When you Google “Hiring a CEO for Small Business” the first page of results is filled with articles that include helpful information about how to hire a CEO provided by industry leaders like Inc. and Money CNN; and the articles are titled clearly, e.g., “5 Tips For Hiring A CEO” and “Bringing In A CEO”. When you do the same search for “Hiring A CEO For Human Services” you get pages of job openings and letters from existing CEOs in health and human service agencies. Finally there is one article and it’s about how CEOs of non-profits are aging out of their jobs and retiring at a faster pace than ever before.
So why are there so few articles written about how to find the right leadership in our marketplace? How do human services agencies generally, and behavioral health service agencies specifically, go about finding new leadership? One answer is that recruitment in our market includes some challenges that are difficult to understand for people outside of the health and human services environment.
There are five factors that make leadership recruitment complex:
Hiring for mission – It is not uncommon for people in the human services environment to be promoted because they are really good at what they do in their direct service job. However, just because someone is a great clinician and a responsible worker, doesn’t mean that he or she has the skill set to lead people. I often speak to leadership representatives from behavioral health agencies and generally find a person who is completely connected to the mission but who can’t explain the organizations information technology strategy, financial strategy, or growth strategy.
Compensation inequities – Behavioral health and human services salaries and bonus opportunities are lower than in other types of jobs. According to Payscale.com, the median salary for a non-profit CEO is slightly over $100,000 per year, while an executive director is slightly over $60,000 (see Chief Executive Officer (CEO), Non-Profit Organization Salary). While that can be a step up in earnings for direct care workers, it may not be enough to attract talent at the C-level. More worrisome yet is the lower salary profile for positions that don’t compete at the mission level. For example, directors of IT, finance and/or human resources have similar jobs in organizations that are for-profit, as well as non-profit. That means a more competitive landscape for those leadership positions, especially in urban markets. It can result in having to pay inequities within the leadership of the organization.
Lack of experience with finance – In a for-profit world, the mission of a company is to create value for the shareholders. At a non-profit, the mission must include the making of enough money to assure that the organization can serve its community and stakeholders. However, financing that mission is not always something for which CEOs can take full responsibility. One component of this problem is the history of program funding for certain behavioral health and human services. Even though program (grant and government) funding has diminished, there is still a sense that the work is quasi-governmental and therefore will be protected. And there is some basis to that. There are certainly agencies that continue to receive funds from their county or other local behavioral health oversight entities. More and more, as services that were program funded are moved to Medicaid, the responsibility for staying fiscally healthy requires operational effectiveness in documentation, billing, and accounts receivable management. C-level staff must not only embrace this new reality but have clear strategies for how to take advantage of it.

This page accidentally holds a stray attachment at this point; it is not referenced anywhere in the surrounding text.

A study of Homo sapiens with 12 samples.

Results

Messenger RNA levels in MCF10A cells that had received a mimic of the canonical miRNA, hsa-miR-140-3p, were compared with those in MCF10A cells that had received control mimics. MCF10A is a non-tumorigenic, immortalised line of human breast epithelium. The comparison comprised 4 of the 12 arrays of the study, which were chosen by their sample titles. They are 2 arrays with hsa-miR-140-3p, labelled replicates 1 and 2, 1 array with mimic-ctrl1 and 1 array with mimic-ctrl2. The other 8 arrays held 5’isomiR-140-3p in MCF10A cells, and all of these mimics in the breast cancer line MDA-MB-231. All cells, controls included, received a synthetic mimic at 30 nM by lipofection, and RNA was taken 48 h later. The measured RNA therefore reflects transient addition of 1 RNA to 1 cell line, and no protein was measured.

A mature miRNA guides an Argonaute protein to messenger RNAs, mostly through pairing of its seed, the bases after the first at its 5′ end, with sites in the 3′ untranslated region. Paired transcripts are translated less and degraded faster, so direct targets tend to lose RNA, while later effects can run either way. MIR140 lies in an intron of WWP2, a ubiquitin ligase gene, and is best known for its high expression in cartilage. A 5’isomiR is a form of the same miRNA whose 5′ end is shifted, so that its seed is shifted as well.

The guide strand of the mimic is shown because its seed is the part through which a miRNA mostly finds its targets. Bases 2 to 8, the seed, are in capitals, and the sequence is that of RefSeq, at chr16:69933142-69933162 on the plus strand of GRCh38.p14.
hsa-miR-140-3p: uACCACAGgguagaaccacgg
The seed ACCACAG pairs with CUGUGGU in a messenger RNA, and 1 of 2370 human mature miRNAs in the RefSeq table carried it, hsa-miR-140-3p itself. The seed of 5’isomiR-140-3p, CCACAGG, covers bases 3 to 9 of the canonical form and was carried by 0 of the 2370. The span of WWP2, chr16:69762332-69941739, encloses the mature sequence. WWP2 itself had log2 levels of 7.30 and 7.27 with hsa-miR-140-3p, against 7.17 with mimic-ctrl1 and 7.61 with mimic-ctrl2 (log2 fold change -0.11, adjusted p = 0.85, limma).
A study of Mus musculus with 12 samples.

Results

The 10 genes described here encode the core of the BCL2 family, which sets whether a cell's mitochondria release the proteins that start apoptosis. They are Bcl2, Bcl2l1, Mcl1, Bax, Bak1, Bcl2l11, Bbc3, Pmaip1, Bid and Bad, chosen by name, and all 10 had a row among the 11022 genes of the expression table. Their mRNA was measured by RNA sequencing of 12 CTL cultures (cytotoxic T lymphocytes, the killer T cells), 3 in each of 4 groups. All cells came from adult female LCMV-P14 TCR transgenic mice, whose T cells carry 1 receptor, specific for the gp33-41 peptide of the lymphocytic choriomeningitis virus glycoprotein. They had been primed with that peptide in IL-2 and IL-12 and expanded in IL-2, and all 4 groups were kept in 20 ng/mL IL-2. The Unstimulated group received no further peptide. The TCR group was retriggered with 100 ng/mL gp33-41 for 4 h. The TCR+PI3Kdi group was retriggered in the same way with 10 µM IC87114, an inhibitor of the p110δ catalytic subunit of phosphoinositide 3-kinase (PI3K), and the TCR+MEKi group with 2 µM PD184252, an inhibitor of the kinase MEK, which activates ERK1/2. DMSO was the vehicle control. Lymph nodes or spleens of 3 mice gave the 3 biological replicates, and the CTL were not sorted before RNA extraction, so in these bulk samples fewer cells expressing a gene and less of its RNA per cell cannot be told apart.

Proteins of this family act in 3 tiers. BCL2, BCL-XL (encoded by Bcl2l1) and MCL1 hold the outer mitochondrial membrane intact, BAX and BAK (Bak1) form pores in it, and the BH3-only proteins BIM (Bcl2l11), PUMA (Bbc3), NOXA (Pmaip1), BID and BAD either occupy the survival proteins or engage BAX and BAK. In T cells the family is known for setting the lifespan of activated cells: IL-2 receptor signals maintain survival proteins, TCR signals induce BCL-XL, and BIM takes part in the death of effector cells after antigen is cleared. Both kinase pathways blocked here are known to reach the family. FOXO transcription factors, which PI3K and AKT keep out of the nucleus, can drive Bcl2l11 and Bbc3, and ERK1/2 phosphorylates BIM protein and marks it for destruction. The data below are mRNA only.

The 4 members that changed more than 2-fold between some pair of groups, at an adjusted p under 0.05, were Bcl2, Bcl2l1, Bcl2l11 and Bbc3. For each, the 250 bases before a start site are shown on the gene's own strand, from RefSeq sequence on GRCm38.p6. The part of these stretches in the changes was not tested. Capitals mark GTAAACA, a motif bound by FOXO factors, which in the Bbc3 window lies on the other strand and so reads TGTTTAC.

Cultural dissonance – Since the 1980s, short-term thinking has become more and more acceptable as an approach to business decisions (e.g., I will buy this company, merge its customers into my company, lay off its employees and make money right now). The concept of keeping a money-losing program alive because it is at the core of the mission is quite complex, and can be much harder than developing short-term strategies for profit. Hiring a person who is solely focused on revenue excess as the marker for success of the program can result in the death of the agency’s mission. The culture of the agency is an artifact of both the mission and the leadership. Hiring the wrong leaders can damage commitment to the mission.
Role of the board – The role of the Board of Directors is often not as clear cut in non-profits. This means that the Board may support hiring a CEO candidate who doesn’t have the business skills but who has demonstrated great commitment to the mission. Or the Board may be populated with business people who don’t fully understand the mission and are looking to bring in a leader who is narrowly defining success as excess revenue over expense.
Stay tuned for more next week, when I discuss the pros and cons of hiring from inside the organization and provide some structure to help hiring committees determine whether the needs of the company are best served by an external or internal strategy. And for more in the meantime, check out the recent post by my colleague Monica E. Oss, What To Look For In A C-Suite Executive In Health & Human Services.